Is Modernization Right for You, Right Now?
A question I hear almost every day is “Should I upgrade this automated system?” I am paraphrasing of course; the actual question might sound more like “Should I dump this PLC5? How much longer can we get it to work? Do they even still repair this one anymore?”
My answer is typically a quick look into whether we’re actually talking about a “Modernization” or an “Upgrade”. That topic is a blog post in and of itself and has already been covered very well here. Many folks use the terms “Upgrade” and “Modernize” somewhat interchangeably. Let’s discuss the differences.
- Upgrade: Focus on a specific machine or line to address outdated technology. Usually, a smaller investment that provides a one-for-one replacement of aging products for a modern version.
- Modernization: Applying contemporary technology to address obsolescence, improve productivity and setting the foundation to meet both current and future business objectives. Typically a larger investment with a higher return over time.
To help further the discussion regarding whether to upgrade or modernize, this post will look into three topics:
- What changing consumer demand means to a manufacturer
- Analyzing manufacturing data and process improvements
- A look at modern manufacturing / smart manufacturing
What Changing Consumer Demand Means to a Manufacturer
A manufacturing company might look at sales data and analyze it with respect to its current manufacturing capability. An example in the world of food & beverage manufacturing might be a dairy plant that says “In April we sold a lot of 2% milk, but in May we sold less of the 2% and a lot more cottage cheese”. That represents changing consumer demand. So what can a smart and knowledgeable manufacturer do?
Modernized lines and equipment allow for quicker changeover on the plant floor. This allows the production team to take the findings of sales and act to create more supply of the products that are most in-demand. Outdated equipment can take a full day (or more) to change over, and modernized equipment can be changed over in hours. This means less downtime and more production. Your operations team is adding more production hours to every day, which represents improved profitability.
Not only does the plant floor team have less hassle and complications, but the sales team for that manufacturer is also better able to sell the right products at the right time.
Analyzing Manufacturing Data and Process Improvements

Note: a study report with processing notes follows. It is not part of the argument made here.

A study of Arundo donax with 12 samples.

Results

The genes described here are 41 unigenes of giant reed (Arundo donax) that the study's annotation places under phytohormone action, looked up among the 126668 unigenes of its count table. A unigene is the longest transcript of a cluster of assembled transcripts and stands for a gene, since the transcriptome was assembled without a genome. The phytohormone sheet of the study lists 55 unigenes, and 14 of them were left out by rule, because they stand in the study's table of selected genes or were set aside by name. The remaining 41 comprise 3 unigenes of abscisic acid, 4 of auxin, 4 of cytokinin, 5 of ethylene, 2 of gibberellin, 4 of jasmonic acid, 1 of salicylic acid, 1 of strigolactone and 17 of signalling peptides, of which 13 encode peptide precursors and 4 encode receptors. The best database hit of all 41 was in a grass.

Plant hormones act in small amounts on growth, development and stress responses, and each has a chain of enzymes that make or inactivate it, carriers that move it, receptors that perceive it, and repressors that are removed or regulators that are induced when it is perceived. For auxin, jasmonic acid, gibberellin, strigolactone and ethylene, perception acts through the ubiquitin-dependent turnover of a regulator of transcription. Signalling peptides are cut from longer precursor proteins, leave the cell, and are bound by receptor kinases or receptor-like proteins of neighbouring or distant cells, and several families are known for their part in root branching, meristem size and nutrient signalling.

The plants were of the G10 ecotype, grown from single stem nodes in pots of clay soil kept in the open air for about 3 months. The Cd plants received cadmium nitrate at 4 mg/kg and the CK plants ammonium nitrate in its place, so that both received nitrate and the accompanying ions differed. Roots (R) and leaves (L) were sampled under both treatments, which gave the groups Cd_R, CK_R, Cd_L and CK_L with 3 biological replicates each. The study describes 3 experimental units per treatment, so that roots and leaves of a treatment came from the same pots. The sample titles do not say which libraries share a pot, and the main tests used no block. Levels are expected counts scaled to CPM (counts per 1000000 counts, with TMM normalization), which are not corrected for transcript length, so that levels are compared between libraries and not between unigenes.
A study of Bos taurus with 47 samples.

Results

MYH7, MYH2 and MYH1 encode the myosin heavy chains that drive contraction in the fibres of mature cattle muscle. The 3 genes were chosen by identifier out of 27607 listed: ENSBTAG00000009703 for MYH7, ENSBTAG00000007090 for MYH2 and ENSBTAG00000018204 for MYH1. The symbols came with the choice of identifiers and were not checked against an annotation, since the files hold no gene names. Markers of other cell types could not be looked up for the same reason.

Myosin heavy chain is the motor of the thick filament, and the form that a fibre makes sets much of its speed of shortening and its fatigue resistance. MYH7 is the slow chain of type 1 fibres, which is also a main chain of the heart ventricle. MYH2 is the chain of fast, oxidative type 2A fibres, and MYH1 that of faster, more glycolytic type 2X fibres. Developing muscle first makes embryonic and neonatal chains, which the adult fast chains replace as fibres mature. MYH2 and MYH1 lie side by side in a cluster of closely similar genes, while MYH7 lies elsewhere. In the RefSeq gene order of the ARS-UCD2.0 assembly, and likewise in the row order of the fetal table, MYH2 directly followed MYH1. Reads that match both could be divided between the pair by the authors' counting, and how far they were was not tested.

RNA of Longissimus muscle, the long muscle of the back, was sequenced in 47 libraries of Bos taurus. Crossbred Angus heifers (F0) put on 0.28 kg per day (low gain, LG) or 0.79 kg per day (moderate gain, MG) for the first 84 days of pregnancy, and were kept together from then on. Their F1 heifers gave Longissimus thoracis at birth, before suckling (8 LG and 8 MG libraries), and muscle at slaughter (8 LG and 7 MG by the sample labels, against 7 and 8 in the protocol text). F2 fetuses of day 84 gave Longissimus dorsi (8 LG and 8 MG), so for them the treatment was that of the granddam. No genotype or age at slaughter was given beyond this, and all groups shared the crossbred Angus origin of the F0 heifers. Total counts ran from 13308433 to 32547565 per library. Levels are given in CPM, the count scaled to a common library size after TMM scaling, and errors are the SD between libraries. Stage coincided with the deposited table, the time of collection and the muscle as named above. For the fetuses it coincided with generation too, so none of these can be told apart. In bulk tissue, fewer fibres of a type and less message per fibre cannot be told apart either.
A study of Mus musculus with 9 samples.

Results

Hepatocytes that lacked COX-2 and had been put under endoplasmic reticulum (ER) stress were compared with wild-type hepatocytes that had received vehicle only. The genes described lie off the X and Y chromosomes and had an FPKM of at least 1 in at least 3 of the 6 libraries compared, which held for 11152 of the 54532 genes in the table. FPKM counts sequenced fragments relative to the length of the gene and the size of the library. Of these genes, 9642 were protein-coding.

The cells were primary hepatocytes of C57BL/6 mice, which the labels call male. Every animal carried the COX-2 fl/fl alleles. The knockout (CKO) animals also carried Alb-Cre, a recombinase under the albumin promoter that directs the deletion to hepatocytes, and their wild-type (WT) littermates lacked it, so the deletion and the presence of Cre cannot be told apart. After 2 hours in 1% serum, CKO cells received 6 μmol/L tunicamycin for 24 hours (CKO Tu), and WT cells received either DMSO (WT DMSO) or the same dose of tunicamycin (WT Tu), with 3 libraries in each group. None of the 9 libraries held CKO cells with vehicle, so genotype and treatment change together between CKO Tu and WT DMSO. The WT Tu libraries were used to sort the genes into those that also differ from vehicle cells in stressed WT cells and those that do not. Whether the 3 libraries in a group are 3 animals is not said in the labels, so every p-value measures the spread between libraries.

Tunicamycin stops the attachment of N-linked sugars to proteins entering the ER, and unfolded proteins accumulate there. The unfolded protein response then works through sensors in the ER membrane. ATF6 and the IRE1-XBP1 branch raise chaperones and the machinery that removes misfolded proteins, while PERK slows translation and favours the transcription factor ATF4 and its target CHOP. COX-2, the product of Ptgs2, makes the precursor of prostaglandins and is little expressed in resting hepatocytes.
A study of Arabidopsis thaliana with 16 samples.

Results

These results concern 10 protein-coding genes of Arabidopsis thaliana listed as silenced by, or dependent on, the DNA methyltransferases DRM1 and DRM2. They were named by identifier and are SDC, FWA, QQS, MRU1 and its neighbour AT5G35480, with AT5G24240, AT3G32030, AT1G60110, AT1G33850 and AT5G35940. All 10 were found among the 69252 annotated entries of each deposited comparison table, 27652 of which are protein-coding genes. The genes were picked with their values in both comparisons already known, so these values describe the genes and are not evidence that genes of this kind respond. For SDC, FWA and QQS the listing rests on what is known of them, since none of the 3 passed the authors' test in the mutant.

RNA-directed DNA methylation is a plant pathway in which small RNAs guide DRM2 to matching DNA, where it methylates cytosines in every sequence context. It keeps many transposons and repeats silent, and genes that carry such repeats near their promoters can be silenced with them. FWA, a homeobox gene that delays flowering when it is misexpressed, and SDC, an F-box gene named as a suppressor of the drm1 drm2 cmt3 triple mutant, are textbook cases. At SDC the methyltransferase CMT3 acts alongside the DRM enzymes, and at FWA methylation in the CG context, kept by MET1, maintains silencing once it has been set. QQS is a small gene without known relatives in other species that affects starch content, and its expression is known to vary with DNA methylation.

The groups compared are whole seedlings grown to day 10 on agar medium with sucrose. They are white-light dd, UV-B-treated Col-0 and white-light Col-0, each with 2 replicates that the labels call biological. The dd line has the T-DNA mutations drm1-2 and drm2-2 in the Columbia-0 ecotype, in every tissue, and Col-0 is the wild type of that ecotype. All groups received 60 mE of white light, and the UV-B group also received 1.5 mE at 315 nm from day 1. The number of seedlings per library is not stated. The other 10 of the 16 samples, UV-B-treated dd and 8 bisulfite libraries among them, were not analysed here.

Data is a big deal in modern manufacturing. You need data to track your products, how they were made, when they were made, and so on. A common data metric for manufacturing is OEE. OEE stands for Overall Equipment Effectiveness, and in some circles, it can also stand for Operational Equipment Efficiency. Both are similar terms. You and your team may need to generate accurate reporting of real plant floor activity.
Software like FactoryTalk Metrics reports on OEE. You can learn more about FactoryTalk Metrics here. Data can provide you with important insights into using existing equipment and labor more effectively. In any given plant, there are process improvement opportunities. Data reporting can tell you how equipment is performing over time and can help your team uncover the root causes of downtime and loss helps you make real improvements to performance.
Modern Manufacturing / Smart Manufacturing
Legacy systems operate in isolation and outdated equipment is costly to run. Modern Manufacturing systems rely on modern technologies to improve the productivity and performance of your industrial operations. Modern Manufacturing – sometimes called “smart manufacturing” – utilizes technologies such as IIoT (Industrial Internet of Things) technologies to optimize their processes and equip their people for higher performance and efficiency.
Want to learn more about (1) operational intelligence, (2) productivity, and (3) risk management? This page from Rockwell Automation shows how you can make smart manufacturing work for you. Need help? Reach out to us.
Essentially, modernization (smart manufacturing) means using the best tools available to connected your machines, lines, and devices. This seamless connectivity increases visibility and enables better and faster decision making. Smart manufacturing is the gateway to digital transformation.